Press Release | May 8, 2024

Conservation groups move to defend remaining federal wetlands protections from attack

Wetlands that shelter wildlife and protect communities are at risk

CHAPEL HILL, N.C.— On behalf of the National Wildlife Federation and the North Carolina Wildlife Federation, the Southern Environmental Law Center filed in the U.S. District Court for the Eastern District of North Carolina a motion to intervene (and memorandum) in a case that seeks to virtually eliminate wetlands’ federal protections, which were drastically narrowed by the U.S. Supreme Court’s 2023 decision in Sackett v. EPA.  

In this case, White v. EPA, a landowner is challenging the federal government’s definition of protected wetlands and advancing an interpretation that would write most wetlands out of the Clean Water Act—a move that could deprive the families, hunters, anglers, other outdoor enthusiasts, and communities who use and rely on wetlands the benefits of federal clean water protections. 

“A ruling adopting this extreme view could have devastating effects on waters in North Carolina and throughout the nation,” said Mark Sabath, senior attorney at the Southern Environmental Law Center. “Wetlands are vital to help protect drinking water supplies, wildlife and fisheries, and our communities from flooding. If the wetlands along our coastal waters like the Albemarle Sound are developed and destroyed, communities will be wrecked by job loss, wildlife loss, and flooding.” 

Healthy fish and wildlife depend on clean water. Valuable waterways threatened by the lawsuit support fishing, hunting, and outdoor recreation, as well as the jobs these activities sustain when millions of Americans head into the field every year. The money that hunters, anglers, and other outdoor enthusiasts spend supports everything from manufacturing to small businesses in communities across the country. The economic benefits of hunting, fishing, and outdoor recreation, which total hundreds of billions of dollars each year, are especially pronounced in rural areas, where money brought in during fishing, hunting, and tourism seasons can keep small businesses operational for the entire year. The outdoor recreation economy supports 7.6 million jobs and $788 billion in consumer spending—and it depends on clean water.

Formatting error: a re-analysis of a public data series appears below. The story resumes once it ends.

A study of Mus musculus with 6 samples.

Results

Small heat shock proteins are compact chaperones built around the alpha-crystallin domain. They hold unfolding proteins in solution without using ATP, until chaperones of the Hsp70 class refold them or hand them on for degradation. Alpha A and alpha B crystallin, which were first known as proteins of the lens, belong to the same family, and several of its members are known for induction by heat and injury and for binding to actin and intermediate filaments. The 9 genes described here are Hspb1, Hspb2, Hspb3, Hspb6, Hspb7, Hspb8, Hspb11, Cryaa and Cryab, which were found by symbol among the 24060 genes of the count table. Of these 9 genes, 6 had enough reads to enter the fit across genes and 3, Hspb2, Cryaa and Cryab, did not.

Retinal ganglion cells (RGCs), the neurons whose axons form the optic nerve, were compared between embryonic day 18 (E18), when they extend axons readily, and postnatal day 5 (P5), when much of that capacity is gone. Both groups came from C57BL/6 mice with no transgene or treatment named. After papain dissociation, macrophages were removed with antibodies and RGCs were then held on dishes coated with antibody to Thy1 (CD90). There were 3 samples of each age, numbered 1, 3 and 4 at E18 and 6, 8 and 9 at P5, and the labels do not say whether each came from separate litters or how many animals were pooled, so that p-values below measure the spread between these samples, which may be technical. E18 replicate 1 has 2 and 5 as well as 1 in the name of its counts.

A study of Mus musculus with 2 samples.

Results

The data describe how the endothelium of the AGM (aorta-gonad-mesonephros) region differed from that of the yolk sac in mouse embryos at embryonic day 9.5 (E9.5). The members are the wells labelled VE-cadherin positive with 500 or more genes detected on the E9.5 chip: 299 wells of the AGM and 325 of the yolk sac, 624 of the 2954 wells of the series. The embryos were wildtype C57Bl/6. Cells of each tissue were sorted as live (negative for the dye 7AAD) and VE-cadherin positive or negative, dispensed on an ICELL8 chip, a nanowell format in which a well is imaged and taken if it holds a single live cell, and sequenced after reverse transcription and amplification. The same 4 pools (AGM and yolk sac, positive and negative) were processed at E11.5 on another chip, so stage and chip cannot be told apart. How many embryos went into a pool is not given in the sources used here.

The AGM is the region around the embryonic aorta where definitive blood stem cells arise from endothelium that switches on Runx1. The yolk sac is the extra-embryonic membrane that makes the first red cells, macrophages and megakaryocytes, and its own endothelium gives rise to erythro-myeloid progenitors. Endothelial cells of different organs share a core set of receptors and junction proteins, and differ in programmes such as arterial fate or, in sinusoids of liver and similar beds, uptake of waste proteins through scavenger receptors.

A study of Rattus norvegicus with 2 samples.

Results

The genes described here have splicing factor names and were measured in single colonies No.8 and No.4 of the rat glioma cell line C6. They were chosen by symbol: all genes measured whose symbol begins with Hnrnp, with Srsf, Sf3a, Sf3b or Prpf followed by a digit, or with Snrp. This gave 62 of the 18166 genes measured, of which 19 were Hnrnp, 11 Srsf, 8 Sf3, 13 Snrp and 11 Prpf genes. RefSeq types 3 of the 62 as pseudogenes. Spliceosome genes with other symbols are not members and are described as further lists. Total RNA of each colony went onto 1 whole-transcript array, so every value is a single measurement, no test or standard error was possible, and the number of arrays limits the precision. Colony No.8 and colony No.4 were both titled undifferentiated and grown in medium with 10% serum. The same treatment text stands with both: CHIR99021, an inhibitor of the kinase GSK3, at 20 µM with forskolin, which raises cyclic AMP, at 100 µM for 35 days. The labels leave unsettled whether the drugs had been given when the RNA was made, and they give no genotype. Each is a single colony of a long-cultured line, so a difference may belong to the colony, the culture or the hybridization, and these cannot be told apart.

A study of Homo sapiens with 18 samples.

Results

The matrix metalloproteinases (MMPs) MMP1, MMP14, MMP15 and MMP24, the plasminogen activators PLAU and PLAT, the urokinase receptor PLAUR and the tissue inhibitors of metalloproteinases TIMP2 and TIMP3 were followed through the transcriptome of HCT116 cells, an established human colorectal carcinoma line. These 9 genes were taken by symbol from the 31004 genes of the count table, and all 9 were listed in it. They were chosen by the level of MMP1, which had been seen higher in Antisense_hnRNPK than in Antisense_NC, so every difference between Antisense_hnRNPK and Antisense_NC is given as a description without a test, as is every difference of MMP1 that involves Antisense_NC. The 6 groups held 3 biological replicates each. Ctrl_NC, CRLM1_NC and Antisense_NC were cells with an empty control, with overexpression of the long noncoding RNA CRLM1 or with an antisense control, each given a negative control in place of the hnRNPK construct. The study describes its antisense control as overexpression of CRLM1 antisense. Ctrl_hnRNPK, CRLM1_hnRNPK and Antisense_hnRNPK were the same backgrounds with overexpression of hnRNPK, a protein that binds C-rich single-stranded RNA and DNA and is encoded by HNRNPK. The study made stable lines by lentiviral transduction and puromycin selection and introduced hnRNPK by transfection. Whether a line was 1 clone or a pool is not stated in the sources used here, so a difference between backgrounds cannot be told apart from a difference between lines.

“We care about the water quality and wetlands of North Carolina for both people and wildlife,” said Tim Gestwicki, CEO of the North Carolina Wildlife Federation. “We cannot protect fisheries if the wetlands and streams flowing into estuaries are polluted or destroyed. We cannot ensure that critical wildlife habitat is preserved for fishing, hunting, birdwatching, and outdoor recreation if wetland protections are weakened.”    

Nearly all of the commercial catch and over half of the recreational harvest in the Southeast are fish and shellfish that depend on wetlands.  

In addition to being vital for fisheries and water quality, wetlands help protect many communities facing more frequent and intense flooding because of climate change. A one-acre wetland can typically store about one million gallons of water according to EPA, so when developers and industry destroy wetlands, communities lose flood protection. 

“What the plaintiff in this case is seeking could make it more difficult to protect wetlands and other waters that are critical to fish, waterfowl, shellfish, and other wildlife, and allow widespread destruction and degradation of those critically important waters along with pollution and flooding downstream,” said Jim Murphy, senior director of legal advocacy for the National Wildlife Federation. “Strong Clean Water Act protections safeguard critical wetlands and other waters that sustain our nation’s wildlife and people.”  

The North Carolina landowner who brought the challenge to the 2023 rule issued by the U.S. Environmental Protection Agency and U.S. Army Corps of Engineers is facing a separate federal enforcement action for destroying wetlands without a permit.